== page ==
Our own analysis revealed that, bolstered by fine weather and the World Cup, average June revenues were up 5.4% on 2017. This followed equally impressive May trading and will mean many operators are heading into August feeling flush. As pleasant as it would be to revel in this good news, summer must turn to autumn and indeed July was a quieter month for most. The best-run businesses will already be turning their attention to how to maximise profits when sales inevitably do drop significantly. Here’s our best advice.
Good sales forecasting is always a cornerstone of efficient labour deployment and increased profitability, but is especially important in the fickle month of September. At its best it can feel like an extension of summer. At its worst it’s a dreary harbinger of winter. The difference in sales can have dramatic impact on a venue’s overall fortunes, an effect magnified by poor labour planning. Studying weather forecasts and historic sales patterns closely before making sales predictions will best position you to staff your site effectively to boost profits however September turns out.
Late summer is the perfect time to get your house in order regarding your employees’ holiday time. Your team will have worked hard recently and be due a well-earned break. With sales soon likely to fall and the testing festive season still to come, it’s the perfect time to encourage staff to take time off, reducing your commitment to giving them hours without leaving them out of pocket.
S4Labour allows its clients to benefit from flexible budgeting. This is a valuable tool at times when sales can vary greatly and in sites where there are significant economies of scale in the level of sales staff are capable of processing or physical restrictions on the number of employees who can be scheduled. It works by setting a base weekly labour spend, the minimum required to run the site regardless of sales, to which labour is proportionally added in response to rising sales. This means that whatever your sales forecast your target labour percentage will be suitable and means those tricky conversations between operations managers and GMs about appropriate budgeting are avoided.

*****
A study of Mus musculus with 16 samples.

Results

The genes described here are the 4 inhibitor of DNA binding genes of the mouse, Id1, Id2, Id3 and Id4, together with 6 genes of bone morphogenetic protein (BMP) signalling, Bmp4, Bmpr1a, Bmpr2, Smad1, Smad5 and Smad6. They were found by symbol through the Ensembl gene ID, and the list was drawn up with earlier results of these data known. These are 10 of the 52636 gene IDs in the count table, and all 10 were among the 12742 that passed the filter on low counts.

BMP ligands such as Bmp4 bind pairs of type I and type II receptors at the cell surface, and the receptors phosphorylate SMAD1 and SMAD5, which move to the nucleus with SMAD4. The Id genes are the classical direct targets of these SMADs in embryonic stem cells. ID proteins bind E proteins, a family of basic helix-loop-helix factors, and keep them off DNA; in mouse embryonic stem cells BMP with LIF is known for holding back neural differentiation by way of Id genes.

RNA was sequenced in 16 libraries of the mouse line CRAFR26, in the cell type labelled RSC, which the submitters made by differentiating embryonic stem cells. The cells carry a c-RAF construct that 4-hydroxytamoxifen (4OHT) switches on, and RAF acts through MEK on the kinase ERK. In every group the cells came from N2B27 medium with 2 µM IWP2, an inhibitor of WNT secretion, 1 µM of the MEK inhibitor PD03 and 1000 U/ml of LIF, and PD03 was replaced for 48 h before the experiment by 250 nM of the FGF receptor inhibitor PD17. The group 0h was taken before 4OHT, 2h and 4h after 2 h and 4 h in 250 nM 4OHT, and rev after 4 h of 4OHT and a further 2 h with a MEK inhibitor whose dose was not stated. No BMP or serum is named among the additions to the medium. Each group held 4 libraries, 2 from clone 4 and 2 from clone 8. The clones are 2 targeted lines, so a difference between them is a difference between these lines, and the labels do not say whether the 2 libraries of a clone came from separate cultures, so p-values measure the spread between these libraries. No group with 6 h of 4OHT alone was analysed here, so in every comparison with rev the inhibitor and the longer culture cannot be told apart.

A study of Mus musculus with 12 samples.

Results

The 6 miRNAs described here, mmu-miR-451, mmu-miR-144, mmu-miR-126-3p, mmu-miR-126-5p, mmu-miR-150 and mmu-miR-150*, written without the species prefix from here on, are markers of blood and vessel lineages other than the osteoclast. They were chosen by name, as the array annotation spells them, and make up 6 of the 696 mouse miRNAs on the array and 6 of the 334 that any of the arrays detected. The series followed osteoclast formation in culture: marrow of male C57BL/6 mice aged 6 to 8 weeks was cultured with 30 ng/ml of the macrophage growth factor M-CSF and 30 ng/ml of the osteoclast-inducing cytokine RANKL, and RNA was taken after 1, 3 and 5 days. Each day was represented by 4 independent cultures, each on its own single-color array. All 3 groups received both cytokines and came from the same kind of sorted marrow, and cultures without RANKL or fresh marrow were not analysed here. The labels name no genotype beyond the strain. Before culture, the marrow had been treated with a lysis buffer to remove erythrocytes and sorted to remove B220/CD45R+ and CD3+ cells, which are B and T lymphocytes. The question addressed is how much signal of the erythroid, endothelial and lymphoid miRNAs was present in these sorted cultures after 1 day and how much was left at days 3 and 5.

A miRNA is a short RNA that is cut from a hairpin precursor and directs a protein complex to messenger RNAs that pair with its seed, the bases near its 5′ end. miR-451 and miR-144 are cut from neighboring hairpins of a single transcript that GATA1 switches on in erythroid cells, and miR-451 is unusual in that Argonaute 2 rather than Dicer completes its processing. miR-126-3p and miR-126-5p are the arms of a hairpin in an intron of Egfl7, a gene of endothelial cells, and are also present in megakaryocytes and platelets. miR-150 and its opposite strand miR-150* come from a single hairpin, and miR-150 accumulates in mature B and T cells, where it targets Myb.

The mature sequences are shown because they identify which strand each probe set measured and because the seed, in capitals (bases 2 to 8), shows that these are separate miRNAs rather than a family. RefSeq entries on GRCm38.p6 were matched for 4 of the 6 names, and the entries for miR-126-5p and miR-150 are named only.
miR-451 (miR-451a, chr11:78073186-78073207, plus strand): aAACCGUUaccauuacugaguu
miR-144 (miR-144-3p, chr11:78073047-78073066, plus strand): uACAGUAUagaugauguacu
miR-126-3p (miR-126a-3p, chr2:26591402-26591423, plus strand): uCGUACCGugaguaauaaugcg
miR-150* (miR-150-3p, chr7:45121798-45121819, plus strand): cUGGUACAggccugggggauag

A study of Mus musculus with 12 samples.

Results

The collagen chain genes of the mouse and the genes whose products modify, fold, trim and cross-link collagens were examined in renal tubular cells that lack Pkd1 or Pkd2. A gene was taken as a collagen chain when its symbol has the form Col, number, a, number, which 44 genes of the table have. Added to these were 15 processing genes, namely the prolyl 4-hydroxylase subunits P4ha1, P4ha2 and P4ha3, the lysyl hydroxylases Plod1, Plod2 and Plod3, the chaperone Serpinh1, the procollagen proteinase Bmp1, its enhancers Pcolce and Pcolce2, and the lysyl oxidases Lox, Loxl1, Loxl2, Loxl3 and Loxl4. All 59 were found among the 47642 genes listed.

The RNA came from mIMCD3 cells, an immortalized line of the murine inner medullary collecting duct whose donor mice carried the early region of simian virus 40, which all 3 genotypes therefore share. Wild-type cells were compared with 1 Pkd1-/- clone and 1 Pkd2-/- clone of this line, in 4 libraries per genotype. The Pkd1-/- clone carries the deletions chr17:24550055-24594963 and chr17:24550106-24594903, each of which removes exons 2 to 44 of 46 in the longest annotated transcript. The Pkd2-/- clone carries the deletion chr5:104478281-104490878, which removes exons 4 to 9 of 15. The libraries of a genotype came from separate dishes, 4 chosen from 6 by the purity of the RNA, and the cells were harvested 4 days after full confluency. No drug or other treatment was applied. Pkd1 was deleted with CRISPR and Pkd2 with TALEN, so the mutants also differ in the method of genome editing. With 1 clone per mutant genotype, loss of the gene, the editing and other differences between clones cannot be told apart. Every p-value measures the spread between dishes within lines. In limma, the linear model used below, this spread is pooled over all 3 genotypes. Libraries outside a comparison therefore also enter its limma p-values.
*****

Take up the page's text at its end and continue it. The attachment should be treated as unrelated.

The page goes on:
The challenge with the flexible approach to labour budgeting is understanding what a realistic base rota is to dictate the minimum weekly labour spend. Once you have the base the flex tends to be quite simple. We suggest looking at past quiet times and assessing what it would take to run the business. Early November and late January are typically good points of reference. Don’t go too extreme; attempting to run the business with one waiter and one chef seven days a week is not realistic.
Autumn doesn’t have to be all about tightening your belts and waiting for the festive season. Setting targets for venues or even individual members of staff can energise the business and turn a dreary period into a time to build. In our own pubs, we love getting innovative at this time of year. It’s the perfect opportunity to look for exciting ways to drive sales and improve service with the best ideas carried into a busy December.